After learning about the environmental benefits of serving in-season, locally grown vegetables in the “Arthur” episode “Muffy’s Car Campaign,” the students at Lakewood Elementary petition for more school buses to help one day make Elwood City car free. Fearing this will be the end of her dad’s car business, Muffy looks to derail the petition only to learn that Crosswire Motors is changing with the times by adding a new electric car to the mix. With her dad’s help, Muffy alerts her friends that the fictional car manufacturer agreed to buy the school several electric school buses.

Warehouse operations also seem to be changing with the times as the concept of sustainable facilities has become a must for today’s operations managers.

“We have seen that sustainable facilities are being considered more and more the norm by larger companies,” says Lloyd Snyder, senior principal at Woodard & Curran, Portland, Maine. “LEED is not the focus, sustainable practices that are win-win from a business model is becoming the norm. Demand by shareholders and consumers that companies create less waste and consume less resources.”

Snyder notes that increasing costs across the supply chain as well as increases for energy and waste disposal are prompting facility managers to investigate sustainable alternatives.

“Projects to reduce energy, materials consumption and waste are making it easier to justify capital expenditure,” he says. “In addition, water costs and water rationing are driving beverage facilities to rethink traditional ways to treat wastewater.”

Steps to sustainability

Whatever the influence might be, warehouses have a plethora of solutions that can be employed to support sustainable practices.

“Changing your warehouse lighting is one of the easiest ways to make your operations more eco-friendly,” Snyder explains. “In the past, facilities used fluorescent or HID lamps in their warehouse lighting system. Today, with the technological advancement of LEDs (light-emitting diode), these are now used for every type of lighting application, including high bay lighting.”

Snyder adds that installing high-volume, low-speed (HVLS) fans is another easy expenditure to support sustainable facility models.


high volume, low speed (HVLS) fan
A high volume, low speed (HVLS) fan uses its size to move a significant amount of air throughout a facility, Woodard & Curran’s Lloyd Snyder says.
Image courtesy of Woodard & Curran


“Unlike a small, high-velocity fan that creates small, quicker air streams that quickly scatter, a high volume, low speed (HVLS) fan relies on size, not speed, to move a significant amount of air,” he explains. “The air is circulated from the ceiling and pushed throughout the area of the facility to prevent warm air from being trapped in the ceiling. The result is a constant state of thermal equilibrium within the building. In addition, HVLS fans give about 30% energy savings as they bring down the temperature by 4 degrees Celsius.”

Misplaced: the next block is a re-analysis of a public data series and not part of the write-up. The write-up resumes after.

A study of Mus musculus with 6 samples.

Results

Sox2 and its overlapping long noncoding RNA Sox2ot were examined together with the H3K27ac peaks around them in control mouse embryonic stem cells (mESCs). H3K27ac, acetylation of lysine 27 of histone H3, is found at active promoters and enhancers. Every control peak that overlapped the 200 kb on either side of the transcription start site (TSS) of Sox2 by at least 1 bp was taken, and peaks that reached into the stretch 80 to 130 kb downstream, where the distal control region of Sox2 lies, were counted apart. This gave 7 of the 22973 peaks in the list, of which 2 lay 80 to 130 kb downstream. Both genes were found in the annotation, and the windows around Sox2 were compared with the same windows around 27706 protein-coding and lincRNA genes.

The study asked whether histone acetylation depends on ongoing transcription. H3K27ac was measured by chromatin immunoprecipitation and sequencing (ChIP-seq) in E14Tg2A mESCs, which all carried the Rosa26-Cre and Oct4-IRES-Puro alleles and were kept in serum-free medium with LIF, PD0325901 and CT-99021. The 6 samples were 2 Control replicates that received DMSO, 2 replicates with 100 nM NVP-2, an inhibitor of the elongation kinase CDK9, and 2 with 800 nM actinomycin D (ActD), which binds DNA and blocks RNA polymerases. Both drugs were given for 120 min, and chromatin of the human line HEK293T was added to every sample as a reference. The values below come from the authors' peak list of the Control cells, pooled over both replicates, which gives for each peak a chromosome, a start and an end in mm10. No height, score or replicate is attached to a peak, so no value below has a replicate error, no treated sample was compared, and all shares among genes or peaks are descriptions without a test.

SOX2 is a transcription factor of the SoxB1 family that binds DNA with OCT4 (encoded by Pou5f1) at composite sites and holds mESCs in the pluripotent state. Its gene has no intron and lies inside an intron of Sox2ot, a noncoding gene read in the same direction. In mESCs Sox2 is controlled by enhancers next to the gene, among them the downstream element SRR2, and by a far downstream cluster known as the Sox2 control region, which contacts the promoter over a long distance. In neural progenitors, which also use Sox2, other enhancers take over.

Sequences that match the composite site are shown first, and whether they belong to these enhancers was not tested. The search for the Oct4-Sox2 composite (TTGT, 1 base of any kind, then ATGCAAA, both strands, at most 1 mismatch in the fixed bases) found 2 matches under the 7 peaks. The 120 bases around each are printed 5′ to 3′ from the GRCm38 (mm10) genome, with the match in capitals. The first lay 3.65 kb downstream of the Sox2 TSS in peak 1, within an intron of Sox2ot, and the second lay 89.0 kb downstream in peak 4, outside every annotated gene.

Yet, not all sustainable solutions are easy to employ. Although it might be more complex, Snyder notes energy consumption and operational efficiency is a major factor in sustainable practices, citing the high amount of energy used in lighting and HVAC/refrigeration within warehouses.

“The use of automated storage and retrieval systems (ASRS) do two things, increase operational efficiency and decrease energy use,” Snyder says. “Warehouses can be run in ‘dark mode’ and space minimized, which reduces HVAC costs. These projects are complex and require a large amount of planning and cost justification. Sustainable initiatives will not be the only driver, but a contributor.”

Warehouse operations also are taking sustainability outside the four walls. Snyder notes that green roofs are a solution that can reduce the heat flux through a roof, which can decrease the total energy needed to heat and cool spaces.

“Shading the outer surface of the building envelope has been shown to be more effective than internal insulation,” he explains. “The plants on the roof trap dust and harmful gases to purify the air. The only negative would be that the additional structural load must be considered when designing the roofing system.”

Solar panels is another example of facilities taking sustainability outside the four walls. Earlier this year, Intelligent Blends, San Diego, announced the completion of a massive solar installation, which now powers all of its house-brand operations.

“We believe that good coffee starts at the source, which is why we make sure that every step we take in manufacturing Maud's products is thoughtful, ethical and environmentally responsible,” said Michael Ishayik, founder and CEO of Intelligent Blends, in a statement in April. “The addition of solar-power to our production facility was a logical next step in ensuring that we continue our legacy of producing great products for our customers and partners the right way.”

Whatever sustainable practice that facility managers are looking to employ, Snyder notes increasing efficiency will be the deciding factor.

“ROI models are used to justify capital expenditures. In order to justify projects, managers need to show that the project will increase efficiency,” he says. “For instance, the change in energy KPI such as kW/square foot warehouse can justify a lighting or fan installation project.”

Snyder adds that various incentives are helping facility managers to opt for sustainable practices.

“The incentives for warehouses include electrical rebates from utility companies for efficient lighting systems,” he says. “In addition, if solar panels are designed and installed on a roof, federal and state tax rebates are available to offset costs.”